From a Life of Privilege to Showers Twice a Week

August 07, 2004|Henry Chu | Times Staff Writer

BAGHDAD — In a tiny walled courtyard beneath a blazing sun, a lonely hermit in flowing purple robes tends to a tree. Patches of grass stud this quiet oasis, but it's the tree that consumes both the man's attention and the water he brings.

This is no ordinary city shrub: The tree sits inside Camp Cropper, a U.S.-run prison at Baghdad's fortified airport. And the bespectacled keeper is no mere gardener: He is former Iraqi President Saddam Hussein, a ruler with an iron fist reduced to a recluse with a green thumb.

These are unaccustomed hard times for a man used to the perks of dictatorship, whose wish was others' command, and sometimes their execution.

Nowadays, as Camp Cropper's No. 1 inmate, the 67-year-old Hussein is subject to the orders of U.S. military personnel who guard him and to the rigors of an institutional schedule that allows for showers just twice a week -- a blow to someone so germ-conscious that he reputedly used to ask visitors to disinfect their hands before meeting him.

Held in solitary confinement, Hussein whiles away his time reading, writing and munching on muffins and cookies as he awaits trial on war crimes charges.

Such is the prosaic scene that Bakhtiar Amin, the human rights minister in Iraq's new government, describes seeing two weeks ago on a prison inspection tour that included Camp Cropper. Amin is the only official to give such a detailed public description of the former president's captivity, which the U.S. military has kept cloaked in secrecy.

The lack of information has spawned rumors about Hussein's condition that border on urban legends here. He has cancer. His heart's about to give out. He's gone blind.

Not so, said Amin. Doctors visit Hussein twice a day, and although he appears to have lost a little weight and experiences bouts of nervousness, Amin described him as being "in very good condition."

"His health is nothing to worry about," Amin said in an interview, adding, "He will not escape trial."

The International Committee of the Red Cross has also visited Hussein -- four times since February -- to monitor his treatment behind bars. A spokeswoman for the organization declined to comment on how Iraq's most famous prisoner is faring, citing confidentiality rules.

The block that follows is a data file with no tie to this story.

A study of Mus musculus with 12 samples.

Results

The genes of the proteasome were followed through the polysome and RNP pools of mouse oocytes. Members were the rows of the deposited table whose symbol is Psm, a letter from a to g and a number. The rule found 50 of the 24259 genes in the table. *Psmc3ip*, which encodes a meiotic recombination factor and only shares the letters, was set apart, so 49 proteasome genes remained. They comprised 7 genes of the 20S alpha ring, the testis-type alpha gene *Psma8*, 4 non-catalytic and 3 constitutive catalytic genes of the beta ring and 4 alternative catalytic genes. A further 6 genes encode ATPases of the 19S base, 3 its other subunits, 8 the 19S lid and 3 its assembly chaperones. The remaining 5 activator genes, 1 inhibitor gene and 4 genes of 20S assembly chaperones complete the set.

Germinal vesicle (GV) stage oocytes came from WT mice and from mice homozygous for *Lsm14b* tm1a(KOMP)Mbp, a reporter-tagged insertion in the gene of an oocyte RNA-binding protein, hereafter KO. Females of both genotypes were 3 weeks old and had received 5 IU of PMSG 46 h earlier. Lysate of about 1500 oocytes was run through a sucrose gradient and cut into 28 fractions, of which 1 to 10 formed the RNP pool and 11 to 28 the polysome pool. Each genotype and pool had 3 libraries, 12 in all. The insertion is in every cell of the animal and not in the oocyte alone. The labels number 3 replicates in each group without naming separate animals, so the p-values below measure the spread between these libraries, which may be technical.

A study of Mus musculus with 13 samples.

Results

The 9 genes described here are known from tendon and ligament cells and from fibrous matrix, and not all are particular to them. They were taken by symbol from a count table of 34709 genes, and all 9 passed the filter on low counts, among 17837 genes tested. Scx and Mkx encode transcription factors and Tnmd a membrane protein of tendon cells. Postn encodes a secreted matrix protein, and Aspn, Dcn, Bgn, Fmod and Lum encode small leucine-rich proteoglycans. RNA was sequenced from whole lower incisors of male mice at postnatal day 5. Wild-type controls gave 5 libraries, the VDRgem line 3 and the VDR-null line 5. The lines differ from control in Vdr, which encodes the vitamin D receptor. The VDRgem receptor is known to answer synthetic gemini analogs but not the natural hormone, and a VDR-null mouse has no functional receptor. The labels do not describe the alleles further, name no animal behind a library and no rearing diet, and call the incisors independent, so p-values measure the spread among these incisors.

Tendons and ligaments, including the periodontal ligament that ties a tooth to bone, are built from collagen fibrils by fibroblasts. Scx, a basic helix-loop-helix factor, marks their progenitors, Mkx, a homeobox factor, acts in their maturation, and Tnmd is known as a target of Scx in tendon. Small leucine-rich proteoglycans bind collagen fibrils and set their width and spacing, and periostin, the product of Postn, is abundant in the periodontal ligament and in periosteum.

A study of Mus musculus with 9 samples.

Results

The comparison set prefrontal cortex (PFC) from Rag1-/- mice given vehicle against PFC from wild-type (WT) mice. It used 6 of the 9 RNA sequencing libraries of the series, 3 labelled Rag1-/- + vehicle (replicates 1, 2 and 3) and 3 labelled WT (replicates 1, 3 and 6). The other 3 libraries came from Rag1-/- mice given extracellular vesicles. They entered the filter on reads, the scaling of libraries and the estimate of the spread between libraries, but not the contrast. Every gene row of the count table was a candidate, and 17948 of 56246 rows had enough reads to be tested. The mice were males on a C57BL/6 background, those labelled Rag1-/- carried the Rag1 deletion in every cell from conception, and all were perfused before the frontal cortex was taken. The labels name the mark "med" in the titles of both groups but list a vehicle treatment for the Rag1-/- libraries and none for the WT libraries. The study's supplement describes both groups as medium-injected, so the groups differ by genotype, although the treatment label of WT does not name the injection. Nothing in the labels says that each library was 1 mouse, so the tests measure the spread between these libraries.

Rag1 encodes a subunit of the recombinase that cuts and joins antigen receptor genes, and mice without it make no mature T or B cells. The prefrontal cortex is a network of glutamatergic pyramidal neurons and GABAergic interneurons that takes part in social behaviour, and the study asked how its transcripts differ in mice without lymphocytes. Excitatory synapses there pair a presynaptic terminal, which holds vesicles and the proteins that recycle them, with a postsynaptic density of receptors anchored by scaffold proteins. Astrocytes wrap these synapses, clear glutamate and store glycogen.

But an independent source with knowledge of Hussein's status confirmed that he was receiving proper medical attention. Amin indicated in public remarks that the onetime despot has been treated for high blood pressure, a hernia and a persistent prostate infection.

U.S. military officials still aren't talking about the shaggy, begrimed fugitive they pulled from a spider hole in December, and they seemed to offer up an indirect rebuke of Amin for going public.

"That was a confidential briefing he received," said U.S. Army Lt. Col. Barry Johnson, the spokesman for American forces at Camp Cropper, which houses nearly 100 so-called high-value detainees of the toppled regime.

"If he chose to speak about it, that's his choice to make," Johnson said.

Eight months of confinement to a 10-by-13-foot cell has imposed an introspective lifestyle on Hussein, who is allowed three hours of exercise a day in the yard where he cares for the small tree.

"He put some stones around it, and he waters it," Amin said. "It's ironic when you see that, because Saddam is a person who decapitated hundreds of thousands, if not millions, of palm trees" in his campaign against Shiite Muslims, and their livelihoods, in southern Iraq.

Hussein is kept apart from his former henchmen in the camp, who mingle more freely, playing cards, backgammon and chess to relieve the monotony of prison life, Amin said.

The former dictator is allowed to write letters in his air-conditioned, white-tiled cell, but they must pass through military censors before being delivered. During the Red Cross' most recent visit, on July 30, a member of the group picked up three letters to Hussein's family, said Nada Doumani, a spokeswoman for the organization.

One of the letters was addressed to Hussein's teenage grandson Ali Hussein Kamel, living in Jordan. The youth appeared on Al Arabiya satellite television Monday to explain how his grandfather had urged him to be strong.

"He asked me to take care of my family," Ali told the channel. "He recommends that I be a man like my father and uncle, a man who can be trusted, and also to be the man of the family."

The letter apparently did not remind Ali that Hussein had ordered the execution of the boy's father and uncle in 1996. The two men, Hussein's sons-in-law, had defected to Jordan the year before, and for reasons that are hard to fathom, returned to Iraq several months later and threw themselves on their father-in-law's mercy, not known for being abundant.

Hussein shows no evidence of regret or depression over past actions, at least not to the degree of wanting to talk it out with the prison psychologist.